There is a crisis of premature building deterioration due, at least in part, to inadequate performance. This crisis has been particularly notable in office buildings. In addition, there are apparently conflicting demands in office environments: to reduce the energy consumption of buildings, to maintain or improve the productivity of employees accommodated, to satisfy their demands for a degree of environmental choice and control, and to respond to increased consumer awareness about the quality of such environmental attributes as air and lighting levels.
The approach taken in building diagnostics is highly innovative. In order to solve the complex problems being encountered, investigators have to diagnose buildings in transdisciplinary ways. This approach to problem solving requires that each disciplinary subgroup keep in mind a larger shared picture of the team's joint goals, that data are gathered concurrently and analyzed so as to test the findings and implications of decisions in each area, and that recommendations be examined that minimize negative side effects.
Occupancy analysis is one aspect of a transdisciplinary approach. It focuses on issues of environmental effectiveness, user well-being and control, and change (incremental and major) by probing patterns of, and attitudes towards, occupancy and use. This paper presents a case study in which this approach was applied. Occupancy analysis data, gathered with concurrent base technical testing of ambient environmental conditions, was used to focus more detailed technical testing in specific areas as necessary, thus reducing the enormous costs of blanket technical testing. Occupancy analysis provided critical data on perceived environmental comfort and effectiveness to be compared with the actual measurement of environmental conditions. The objective of this diagnostic project was to improve energy performance without diminishing environmental quality within office areas.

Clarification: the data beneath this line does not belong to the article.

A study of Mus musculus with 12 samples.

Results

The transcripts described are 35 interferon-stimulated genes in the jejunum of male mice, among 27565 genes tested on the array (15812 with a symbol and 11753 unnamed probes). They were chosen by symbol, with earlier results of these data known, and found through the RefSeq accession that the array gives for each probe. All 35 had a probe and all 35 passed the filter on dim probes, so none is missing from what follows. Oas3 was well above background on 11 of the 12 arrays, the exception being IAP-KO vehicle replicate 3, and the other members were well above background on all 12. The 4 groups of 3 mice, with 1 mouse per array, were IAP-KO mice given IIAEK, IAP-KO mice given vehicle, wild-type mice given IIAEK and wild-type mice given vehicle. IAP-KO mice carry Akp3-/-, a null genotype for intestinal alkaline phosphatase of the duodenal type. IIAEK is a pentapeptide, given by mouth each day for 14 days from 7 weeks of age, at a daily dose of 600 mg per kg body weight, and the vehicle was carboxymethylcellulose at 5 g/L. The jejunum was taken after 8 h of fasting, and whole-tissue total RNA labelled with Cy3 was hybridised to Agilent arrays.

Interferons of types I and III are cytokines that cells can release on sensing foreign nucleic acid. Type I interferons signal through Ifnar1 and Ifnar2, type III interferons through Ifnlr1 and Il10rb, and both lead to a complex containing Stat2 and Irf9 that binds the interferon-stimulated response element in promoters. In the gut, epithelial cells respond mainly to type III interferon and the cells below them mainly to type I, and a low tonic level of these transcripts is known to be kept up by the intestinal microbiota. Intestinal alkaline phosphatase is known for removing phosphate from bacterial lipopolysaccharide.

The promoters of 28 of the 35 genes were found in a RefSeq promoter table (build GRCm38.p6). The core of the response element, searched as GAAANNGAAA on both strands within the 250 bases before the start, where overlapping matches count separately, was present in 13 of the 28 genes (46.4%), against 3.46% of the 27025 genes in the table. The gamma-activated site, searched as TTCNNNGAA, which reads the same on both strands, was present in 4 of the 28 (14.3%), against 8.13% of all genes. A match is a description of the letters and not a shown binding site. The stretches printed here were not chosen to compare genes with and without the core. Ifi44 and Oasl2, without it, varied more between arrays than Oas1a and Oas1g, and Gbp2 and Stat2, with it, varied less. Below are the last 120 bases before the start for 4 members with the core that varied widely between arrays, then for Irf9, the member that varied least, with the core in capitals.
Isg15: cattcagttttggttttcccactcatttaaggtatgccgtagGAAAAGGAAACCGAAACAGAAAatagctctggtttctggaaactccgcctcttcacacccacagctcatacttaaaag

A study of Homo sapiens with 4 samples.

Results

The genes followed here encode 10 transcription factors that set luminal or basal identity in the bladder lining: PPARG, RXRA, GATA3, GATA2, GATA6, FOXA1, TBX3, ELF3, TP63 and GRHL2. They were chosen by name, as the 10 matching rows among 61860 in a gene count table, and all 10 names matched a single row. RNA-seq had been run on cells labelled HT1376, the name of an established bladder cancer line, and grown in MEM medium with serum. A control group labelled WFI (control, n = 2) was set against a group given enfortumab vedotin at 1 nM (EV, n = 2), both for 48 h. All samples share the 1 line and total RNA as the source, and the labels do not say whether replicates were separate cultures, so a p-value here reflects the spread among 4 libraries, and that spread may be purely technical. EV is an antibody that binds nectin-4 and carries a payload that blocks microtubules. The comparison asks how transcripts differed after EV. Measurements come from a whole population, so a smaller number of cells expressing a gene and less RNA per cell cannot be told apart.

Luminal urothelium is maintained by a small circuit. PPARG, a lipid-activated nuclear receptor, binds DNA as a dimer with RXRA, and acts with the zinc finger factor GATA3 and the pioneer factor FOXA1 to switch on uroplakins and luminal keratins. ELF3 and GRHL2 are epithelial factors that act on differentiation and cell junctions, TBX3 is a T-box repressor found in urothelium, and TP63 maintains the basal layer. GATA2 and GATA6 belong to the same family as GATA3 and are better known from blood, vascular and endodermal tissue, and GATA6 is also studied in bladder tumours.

Increasingly it is being realized that unless all participants in building design, operation, and maintenance have an improved collective understanding of how to design and control the technical systems and layouts in buildings over time, new problems or negative side effects may be unintentionally created by unidisciplinary action. Diagnostic studies explore the possibility that improvement can be achieved by nurturing a sense of collective competence and well-being of occupants rather than the current sense of environmental deprivation, while minimizing operating and maintenance costs as well as building deterioration.